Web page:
Posts Tagged ‘New Interview Posted’

“True Blood” Returns

Sunday, June 10th, 2012

Vampires and werewolves and fairies, oh my! True Blood has all the other-wordly creatures you’re likely to ever desire. In his 2011 Archive interview (NOW ONLINE!) creator Alan Ball describes how he and fellow writers come up with all of Bon Temps’ fantastical characters and storylines (the series has strayed a bit from Charlaine Harris’ Sookie Stackhouse novels on which it’s based.)

Ball recounts how he discovered the novels and got involved with True Blood:

And muses on the current fascination with vampires:

True Blood returns with Season 5 tonight, Sunday, June 10th, at 9pm on HBO. Here’s the trailer to whet your appetite:

As the show’s slogan says, “Waiting Sucks,” but no more waiting after tonight!!

For more on True Blood, visit our show page, and for more with Alan Ball, watch his full Archive interview.

John Bartley Interview Now Online— “X-Files” and “Lost” Director of Photography

Monday, July 12th, 2010

“I like the camera to be moving. I’ve gone to work on a couple of shows part time, and they   get a little surprised when you say, ‘let’s lay down some track’… ‘Well, we don’t usually do  that.’ ‘Well, let’s lay some track today.’”

Click here to access John Bartley’s newly posted Archive of American Television Interview.

Interview Description:
On his approach to The X-Files, John Bartley says: “They thought it was crazy to go that dark, to get things down that far. Sometimes it’s a little nail-biting and you’ve got to make sure that it’s actually there— or something’s there. Directors would look at me and say, you okay with that? They still do that today too.” John Bartley won an Emmy Award for his influential cinematography of The X-Files and also served as the DP on such series as Roswell and Lost. In his Archive interview, Bartley talks about breaking into TV in Australia and his move to Canada and the US, where he became a gaffer in TV and films. He discusses his transition from gaffer to Director of Photography, initially with the feature film Beyond the Stars, a film that he later says was among his hardest projects to light. He then speaks about his work in series television, starting with the police drama The Commish, and then The X-Files. For The X-Files, he recalls how he came to be hired, discusses the dark look to the series and his efforts to add color as it continued, and recalls working with the series leads. He recounts being hired on Lost and describes the challenges posed by the series’ location work in Hawaii; he also notes the significant use of camera movement on Lost, and speaks about the show’s production team. Other TV projects Bartley touches on include: fantasy/adventure series Early Edition, sci-fi series Roswell, and the television movie Odd Girl Out. Throughout the interview, he comments on being concerned with matching the lighting throughout a project, shooting in the 16 x 9 format but being aware of “TV safe,” and how the introduction of HD effects his work. John Bartley was interviewed in North Hollywood, CA on May 8, 2009; Stephen J. Abramson conducted the two-and-a-half hour interview.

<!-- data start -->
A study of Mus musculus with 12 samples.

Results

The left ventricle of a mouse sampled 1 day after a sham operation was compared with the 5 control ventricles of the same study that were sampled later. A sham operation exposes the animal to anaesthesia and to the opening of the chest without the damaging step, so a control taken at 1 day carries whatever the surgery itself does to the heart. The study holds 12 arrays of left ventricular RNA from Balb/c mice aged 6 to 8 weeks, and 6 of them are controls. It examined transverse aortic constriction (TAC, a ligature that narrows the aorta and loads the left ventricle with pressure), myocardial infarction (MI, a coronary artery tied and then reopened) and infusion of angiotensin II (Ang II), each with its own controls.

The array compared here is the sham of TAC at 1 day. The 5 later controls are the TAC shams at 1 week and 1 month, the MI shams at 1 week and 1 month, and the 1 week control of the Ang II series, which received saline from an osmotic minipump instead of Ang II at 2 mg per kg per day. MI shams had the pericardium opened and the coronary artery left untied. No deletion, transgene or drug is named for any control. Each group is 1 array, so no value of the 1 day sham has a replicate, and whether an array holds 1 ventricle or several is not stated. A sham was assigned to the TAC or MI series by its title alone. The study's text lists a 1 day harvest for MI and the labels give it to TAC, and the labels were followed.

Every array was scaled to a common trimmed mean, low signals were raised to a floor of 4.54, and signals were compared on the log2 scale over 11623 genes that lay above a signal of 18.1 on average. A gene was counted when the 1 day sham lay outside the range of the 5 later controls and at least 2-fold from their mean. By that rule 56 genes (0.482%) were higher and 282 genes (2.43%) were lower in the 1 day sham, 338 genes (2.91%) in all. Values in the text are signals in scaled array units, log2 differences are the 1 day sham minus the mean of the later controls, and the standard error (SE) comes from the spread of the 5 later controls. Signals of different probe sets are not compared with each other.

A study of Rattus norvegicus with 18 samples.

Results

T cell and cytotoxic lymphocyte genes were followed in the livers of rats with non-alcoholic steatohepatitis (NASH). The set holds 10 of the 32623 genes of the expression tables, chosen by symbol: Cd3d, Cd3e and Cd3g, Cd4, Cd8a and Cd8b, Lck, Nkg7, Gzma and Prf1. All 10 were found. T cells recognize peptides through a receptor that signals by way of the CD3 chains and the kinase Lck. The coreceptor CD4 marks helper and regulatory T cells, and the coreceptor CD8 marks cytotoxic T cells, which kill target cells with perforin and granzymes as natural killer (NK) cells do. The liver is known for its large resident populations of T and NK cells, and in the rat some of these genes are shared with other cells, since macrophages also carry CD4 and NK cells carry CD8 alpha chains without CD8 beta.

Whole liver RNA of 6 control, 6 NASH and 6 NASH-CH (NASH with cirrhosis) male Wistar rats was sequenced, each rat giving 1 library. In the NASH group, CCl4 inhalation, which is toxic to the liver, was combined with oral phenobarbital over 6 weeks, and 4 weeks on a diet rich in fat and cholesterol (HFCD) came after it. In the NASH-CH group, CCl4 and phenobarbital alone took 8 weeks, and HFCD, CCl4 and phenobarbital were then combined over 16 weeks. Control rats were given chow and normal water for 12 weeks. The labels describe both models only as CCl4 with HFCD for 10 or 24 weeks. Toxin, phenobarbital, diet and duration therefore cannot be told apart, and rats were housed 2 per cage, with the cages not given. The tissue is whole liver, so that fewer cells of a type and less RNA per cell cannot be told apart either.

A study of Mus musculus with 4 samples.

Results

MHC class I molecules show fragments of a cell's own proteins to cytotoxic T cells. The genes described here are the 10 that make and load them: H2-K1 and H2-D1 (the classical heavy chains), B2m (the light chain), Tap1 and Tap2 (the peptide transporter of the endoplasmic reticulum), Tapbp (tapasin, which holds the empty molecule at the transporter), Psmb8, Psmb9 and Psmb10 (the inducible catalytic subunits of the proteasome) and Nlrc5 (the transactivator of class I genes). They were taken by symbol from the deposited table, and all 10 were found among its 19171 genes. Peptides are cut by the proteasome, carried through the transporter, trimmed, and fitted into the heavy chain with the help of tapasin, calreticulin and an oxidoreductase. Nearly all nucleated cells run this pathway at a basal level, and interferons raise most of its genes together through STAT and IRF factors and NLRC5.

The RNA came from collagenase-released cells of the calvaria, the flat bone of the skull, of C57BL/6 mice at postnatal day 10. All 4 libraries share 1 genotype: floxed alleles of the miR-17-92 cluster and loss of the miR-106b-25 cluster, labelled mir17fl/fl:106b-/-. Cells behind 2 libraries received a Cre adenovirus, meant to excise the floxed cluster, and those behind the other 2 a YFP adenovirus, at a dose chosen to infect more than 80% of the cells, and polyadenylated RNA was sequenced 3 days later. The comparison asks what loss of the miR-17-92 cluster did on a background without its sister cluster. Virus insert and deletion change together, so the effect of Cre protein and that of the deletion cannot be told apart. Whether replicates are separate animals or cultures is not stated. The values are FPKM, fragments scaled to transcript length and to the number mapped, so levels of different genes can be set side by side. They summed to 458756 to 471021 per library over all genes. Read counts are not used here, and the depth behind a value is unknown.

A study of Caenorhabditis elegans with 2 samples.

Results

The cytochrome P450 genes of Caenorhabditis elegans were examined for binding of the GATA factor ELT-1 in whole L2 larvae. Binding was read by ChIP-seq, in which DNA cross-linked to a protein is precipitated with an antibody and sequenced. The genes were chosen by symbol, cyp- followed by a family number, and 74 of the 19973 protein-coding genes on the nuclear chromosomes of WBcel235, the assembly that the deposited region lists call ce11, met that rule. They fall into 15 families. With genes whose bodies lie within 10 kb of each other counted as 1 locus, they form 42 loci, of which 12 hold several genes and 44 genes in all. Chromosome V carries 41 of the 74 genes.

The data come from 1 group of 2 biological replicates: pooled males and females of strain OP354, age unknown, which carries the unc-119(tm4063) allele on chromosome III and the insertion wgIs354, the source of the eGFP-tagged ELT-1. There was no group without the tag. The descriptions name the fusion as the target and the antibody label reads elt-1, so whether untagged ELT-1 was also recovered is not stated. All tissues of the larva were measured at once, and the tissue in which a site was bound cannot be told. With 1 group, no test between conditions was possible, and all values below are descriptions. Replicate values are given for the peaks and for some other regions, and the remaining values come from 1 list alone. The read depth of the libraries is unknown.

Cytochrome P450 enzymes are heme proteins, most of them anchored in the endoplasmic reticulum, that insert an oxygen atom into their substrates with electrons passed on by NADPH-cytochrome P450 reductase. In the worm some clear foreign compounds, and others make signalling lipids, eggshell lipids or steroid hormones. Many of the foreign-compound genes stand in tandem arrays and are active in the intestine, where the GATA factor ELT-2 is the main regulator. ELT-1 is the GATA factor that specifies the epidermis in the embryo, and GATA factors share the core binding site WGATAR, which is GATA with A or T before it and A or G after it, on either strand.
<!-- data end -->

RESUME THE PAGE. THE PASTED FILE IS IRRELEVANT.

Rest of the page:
Jerry Mathers— “Beaver Cleaver” of “Leave it to Beaver” is Now Online

Friday, July 2nd, 2010

With the release of Leave it to Beaver: The Complete Series this week, the Archive is posting Jerry Mathers’ entire Archive interview.

Jerry Mathers was interviewed by the Archive of American Television on June 20, 2006; click here to watch his entire four hour interview.

Interview description:

Jerry Mathers talked about his start as a child model from the age of two, which led to his acting career in “live” television in the early 1950s.  He described such appearances as a western sketch on All Star Revue with Ed Wynn, in which he wore a diaper and six shooters and sidled up to the bar to recite his line: “I’m the toughest hombre in these here parts.” In feature films, he related how he was cast by Alfred Hitchcock for The Trouble With Harry and described how, in a real-life fire stunt gone wrong, Bob Hope saved him from the smoke and flames while shooting a scene in The Seven Little Foys.  Mathers then spoke in great detail about the role and series for which he is most identified, Theodore “Beaver” Cleaver on Leave It to Beaver.  He discussed the premise of the show and the significance of its child’s point-of-view.  He talked about each of the principal cast members and outlined their careers leading up to and following Leave It to Beaver.  He recalled the plots and production of several classic episodes of the series, including “Captain Jack,” in which Wally and Beaver secretly keep a pet alligator; “A Horse Named Nick,” in which Wally and Beaver accept a horse in payment for work they did at a traveling circus; and “In the Soup,” in which Beaver falls into a billboard’s soup bowl display.  Mathers described his post-Leave It to Beaver years in which he left show business to earn his degree, served in the National Guard, and worked in banking and real estate.  He then described his return to full-time acting when he went on tour in the stage production “So Long, Stanley,” co-starring Tony Dow.  Mathers discussed his return to the role of “Beaver” Cleaver in the 1980s in the made-for-television movie Still the Beaver and the subsequent series The New Leave It to Beaver.  Lastly, Mathers talked about his charitable interests and current projects.  The interview was conducted by Gary Rutkowski.

Additionally, the Archive has an interview with popular TV mom, Barbara Billingsley— Leave it to Beaver’s “June Cleaver”; click here to watch her interview.